When we created Element we defined one of its primary goals as supporting and growing the Matrix ecosystem. So when GitLab proposed that Gitter, the leading developer-focused chat platform, could be stronger as part of the Matrix network, we knew we couldn’t miss the chance!
We met the Gitter team six years ago at TechCrunch Disrupt, and always had a soft spot for the app; the polish, some of the features we’re still yet to land in Element (like threading), the deep integration with GitHub and now GitLab… All of this definitely makes Gitter a best-of-breed communication app for developers. And that’s why the Gitter to Matrix bridge was one of the first we built, looking to bring all these platforms together into Matrix, for our community to be able to collaborate effectively.
So you can imagine our delight when we got the opportunity to eventually support the Gitter community properly by making it a concrete part of the Matrix network!
What does ‘concrete’ mean? In short, Element has acquired Gitter from GitLab. In practice, there are a few layers to this.
1. The app
Matthew goes into great detail about the transition from the Gitter app perspective in the Matrix blog, but the TL;DR: is:
- The Gitter web app stays exactly as it is in the short term
- We will focus on building a much better Gitter to Matrix bridge so the Gitter community can seamlessly use either Gitter or Element, and so the Matrix community can seamlessly participate in Gitter chatrooms
- The bridge will prove particularly useful for mobile users, as the native Gitter mobile apps have been deprecated already: the community will soon be able to use the Element mobile apps instead!
In the longer term, the idea is to bring to Element all the niceties of Gitter (instant live room peeking, curated room directory, KaTeX support,...) and merge them with the ones from Matrix (E2E encryption, reactions, VoIP, the open standard APIs…) in a single Element app.
Then, and only then, the Gitter app will be replaced by a Gitter-specific version of Element in order to focus our efforts on building one single, amazing Matrix app (rather than supporting two). These enhancements will of course benefit everyone using either Element or Gitter.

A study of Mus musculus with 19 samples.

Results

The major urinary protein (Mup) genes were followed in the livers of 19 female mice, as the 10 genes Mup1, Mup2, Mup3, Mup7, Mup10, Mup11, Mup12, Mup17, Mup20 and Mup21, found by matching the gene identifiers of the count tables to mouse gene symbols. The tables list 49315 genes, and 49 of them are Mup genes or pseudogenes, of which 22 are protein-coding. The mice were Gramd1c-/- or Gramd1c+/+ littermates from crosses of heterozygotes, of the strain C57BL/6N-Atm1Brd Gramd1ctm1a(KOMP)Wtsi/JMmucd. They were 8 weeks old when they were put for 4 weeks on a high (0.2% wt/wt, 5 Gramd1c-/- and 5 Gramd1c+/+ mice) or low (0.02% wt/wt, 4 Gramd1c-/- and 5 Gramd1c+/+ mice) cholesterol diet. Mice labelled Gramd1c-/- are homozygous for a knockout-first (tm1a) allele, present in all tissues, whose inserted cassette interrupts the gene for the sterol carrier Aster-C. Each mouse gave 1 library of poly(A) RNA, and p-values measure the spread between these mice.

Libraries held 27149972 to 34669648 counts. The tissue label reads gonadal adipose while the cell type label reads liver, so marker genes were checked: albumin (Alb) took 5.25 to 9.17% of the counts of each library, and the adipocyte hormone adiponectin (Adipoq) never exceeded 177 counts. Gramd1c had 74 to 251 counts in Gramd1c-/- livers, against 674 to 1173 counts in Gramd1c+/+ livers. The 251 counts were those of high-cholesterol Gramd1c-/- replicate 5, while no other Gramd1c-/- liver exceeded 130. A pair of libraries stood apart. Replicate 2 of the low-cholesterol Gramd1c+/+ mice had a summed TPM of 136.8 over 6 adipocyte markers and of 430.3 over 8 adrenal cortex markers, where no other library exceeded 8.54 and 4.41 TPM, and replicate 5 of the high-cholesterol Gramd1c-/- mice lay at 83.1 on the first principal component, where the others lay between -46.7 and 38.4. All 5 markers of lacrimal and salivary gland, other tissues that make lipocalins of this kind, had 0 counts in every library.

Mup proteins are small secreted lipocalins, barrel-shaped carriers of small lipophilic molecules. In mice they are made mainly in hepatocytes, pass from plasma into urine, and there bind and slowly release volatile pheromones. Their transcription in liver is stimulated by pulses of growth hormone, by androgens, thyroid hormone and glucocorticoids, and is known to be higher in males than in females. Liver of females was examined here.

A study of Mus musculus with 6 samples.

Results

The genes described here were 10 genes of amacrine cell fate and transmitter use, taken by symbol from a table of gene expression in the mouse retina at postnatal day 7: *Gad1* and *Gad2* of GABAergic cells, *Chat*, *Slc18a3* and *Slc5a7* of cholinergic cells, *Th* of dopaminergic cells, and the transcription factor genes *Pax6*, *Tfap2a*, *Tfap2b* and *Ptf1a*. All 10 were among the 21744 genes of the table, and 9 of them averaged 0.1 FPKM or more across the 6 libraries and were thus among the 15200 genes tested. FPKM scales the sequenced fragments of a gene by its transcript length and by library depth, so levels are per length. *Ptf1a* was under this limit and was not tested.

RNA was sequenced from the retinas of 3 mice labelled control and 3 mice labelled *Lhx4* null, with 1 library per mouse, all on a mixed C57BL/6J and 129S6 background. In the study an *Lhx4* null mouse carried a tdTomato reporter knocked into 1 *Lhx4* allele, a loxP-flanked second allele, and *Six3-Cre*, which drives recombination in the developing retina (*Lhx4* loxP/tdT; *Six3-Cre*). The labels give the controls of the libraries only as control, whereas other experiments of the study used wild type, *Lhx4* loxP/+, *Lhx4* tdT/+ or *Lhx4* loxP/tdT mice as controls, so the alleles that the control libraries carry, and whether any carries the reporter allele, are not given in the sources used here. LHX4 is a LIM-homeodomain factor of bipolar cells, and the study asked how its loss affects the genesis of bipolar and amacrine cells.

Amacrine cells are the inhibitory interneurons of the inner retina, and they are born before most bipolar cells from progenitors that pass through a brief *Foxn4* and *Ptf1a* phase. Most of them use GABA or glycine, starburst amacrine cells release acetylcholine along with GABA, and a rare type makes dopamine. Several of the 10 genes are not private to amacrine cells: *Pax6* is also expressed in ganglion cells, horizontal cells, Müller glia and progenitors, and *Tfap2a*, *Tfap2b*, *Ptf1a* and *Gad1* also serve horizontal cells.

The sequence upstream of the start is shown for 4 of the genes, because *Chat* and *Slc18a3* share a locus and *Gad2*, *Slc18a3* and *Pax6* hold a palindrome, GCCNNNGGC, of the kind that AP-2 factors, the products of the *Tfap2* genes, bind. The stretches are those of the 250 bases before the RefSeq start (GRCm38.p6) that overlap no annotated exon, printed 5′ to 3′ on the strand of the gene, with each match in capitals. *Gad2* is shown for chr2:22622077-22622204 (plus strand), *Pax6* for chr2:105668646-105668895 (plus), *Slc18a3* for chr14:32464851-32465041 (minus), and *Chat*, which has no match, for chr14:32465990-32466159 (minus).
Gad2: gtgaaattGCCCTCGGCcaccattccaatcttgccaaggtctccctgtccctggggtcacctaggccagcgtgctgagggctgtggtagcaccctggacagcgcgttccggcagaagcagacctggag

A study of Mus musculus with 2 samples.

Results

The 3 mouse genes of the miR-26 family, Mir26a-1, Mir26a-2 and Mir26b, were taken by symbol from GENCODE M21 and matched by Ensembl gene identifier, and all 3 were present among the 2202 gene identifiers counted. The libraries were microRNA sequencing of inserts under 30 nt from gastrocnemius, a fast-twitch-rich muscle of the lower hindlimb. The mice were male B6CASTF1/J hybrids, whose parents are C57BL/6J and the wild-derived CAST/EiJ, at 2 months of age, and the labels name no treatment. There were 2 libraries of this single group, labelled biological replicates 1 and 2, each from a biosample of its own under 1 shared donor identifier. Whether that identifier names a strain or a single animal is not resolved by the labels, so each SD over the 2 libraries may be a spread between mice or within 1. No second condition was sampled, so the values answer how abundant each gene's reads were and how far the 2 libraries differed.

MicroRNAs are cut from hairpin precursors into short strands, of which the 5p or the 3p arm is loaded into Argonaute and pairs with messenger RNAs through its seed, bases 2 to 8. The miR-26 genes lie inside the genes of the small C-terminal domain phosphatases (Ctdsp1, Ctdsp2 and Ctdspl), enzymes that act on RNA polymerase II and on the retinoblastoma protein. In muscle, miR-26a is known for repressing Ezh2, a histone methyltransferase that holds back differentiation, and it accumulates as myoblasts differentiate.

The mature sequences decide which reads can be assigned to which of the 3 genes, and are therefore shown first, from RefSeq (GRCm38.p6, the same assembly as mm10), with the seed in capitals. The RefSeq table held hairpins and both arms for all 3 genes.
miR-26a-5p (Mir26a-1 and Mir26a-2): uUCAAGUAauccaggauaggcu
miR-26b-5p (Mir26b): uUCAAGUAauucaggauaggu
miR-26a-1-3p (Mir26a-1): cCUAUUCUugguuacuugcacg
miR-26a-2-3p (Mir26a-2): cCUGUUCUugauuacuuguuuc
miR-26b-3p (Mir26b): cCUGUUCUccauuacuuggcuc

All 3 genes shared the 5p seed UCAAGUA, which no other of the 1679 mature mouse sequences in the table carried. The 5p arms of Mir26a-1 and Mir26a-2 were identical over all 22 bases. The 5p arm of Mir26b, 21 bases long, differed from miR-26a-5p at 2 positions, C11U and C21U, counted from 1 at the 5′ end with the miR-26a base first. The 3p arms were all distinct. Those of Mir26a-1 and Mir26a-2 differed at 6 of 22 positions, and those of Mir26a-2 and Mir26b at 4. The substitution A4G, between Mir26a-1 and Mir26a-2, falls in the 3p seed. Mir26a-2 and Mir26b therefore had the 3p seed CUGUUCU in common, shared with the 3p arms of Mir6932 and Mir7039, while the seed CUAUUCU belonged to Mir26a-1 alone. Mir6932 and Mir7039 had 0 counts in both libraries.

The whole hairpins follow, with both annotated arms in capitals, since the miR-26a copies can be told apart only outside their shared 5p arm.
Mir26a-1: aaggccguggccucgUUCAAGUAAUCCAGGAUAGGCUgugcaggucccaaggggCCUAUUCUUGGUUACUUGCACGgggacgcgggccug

2. The data
In terms of data processing, current Gitter users will shortly receive a communication about the change of data controller and will have the ability to opt out of the migration if they wish. For those who stay along for the ride, their data will now be under the responsibility of Element (via the New Vector Limited legal entity). The data is physically not going to move anywhere: only the name at the top of the paper will change.
3. The team
And last but not least, the Gitter dev team will be employed by Element and receive a very warm welcome!
To summarise all this, we’re really excited to see the global developer community converging onto the Matrix open network! The exercise will definitely be a landmark case study of how to bring an existing successful chat app into the Matrix network - we’re looking forward to more of these in order to bring an even more powerful Matrix network to Element’s users and customers. But most importantly we're super happy to be able to give Gitter a new life in Matrix, and see the Gitter community continuing to thrive :)
From GitLab’s perspective, the take from Sid Sijbrandij (GitLab’s CEO) is: “A great project chat is an essential element of most open source projects and Gitter is the leading open source solution.
“Under GitLab, Gitter’s community has grown to 1.7M users who have also contributed to improving the product for everyone. We are happy that Gitter will now have a fantastic home with Element. They have the momentum to quickly build on the success of Gitter to expand its footprint within the developer community and act as a driver for the rest of its business and the Matrix ecosystem. It’s a great home for Gitter.”
So: welcome to Gitter - both the team and the community: we’ll aim to be the best custodians possible for your project!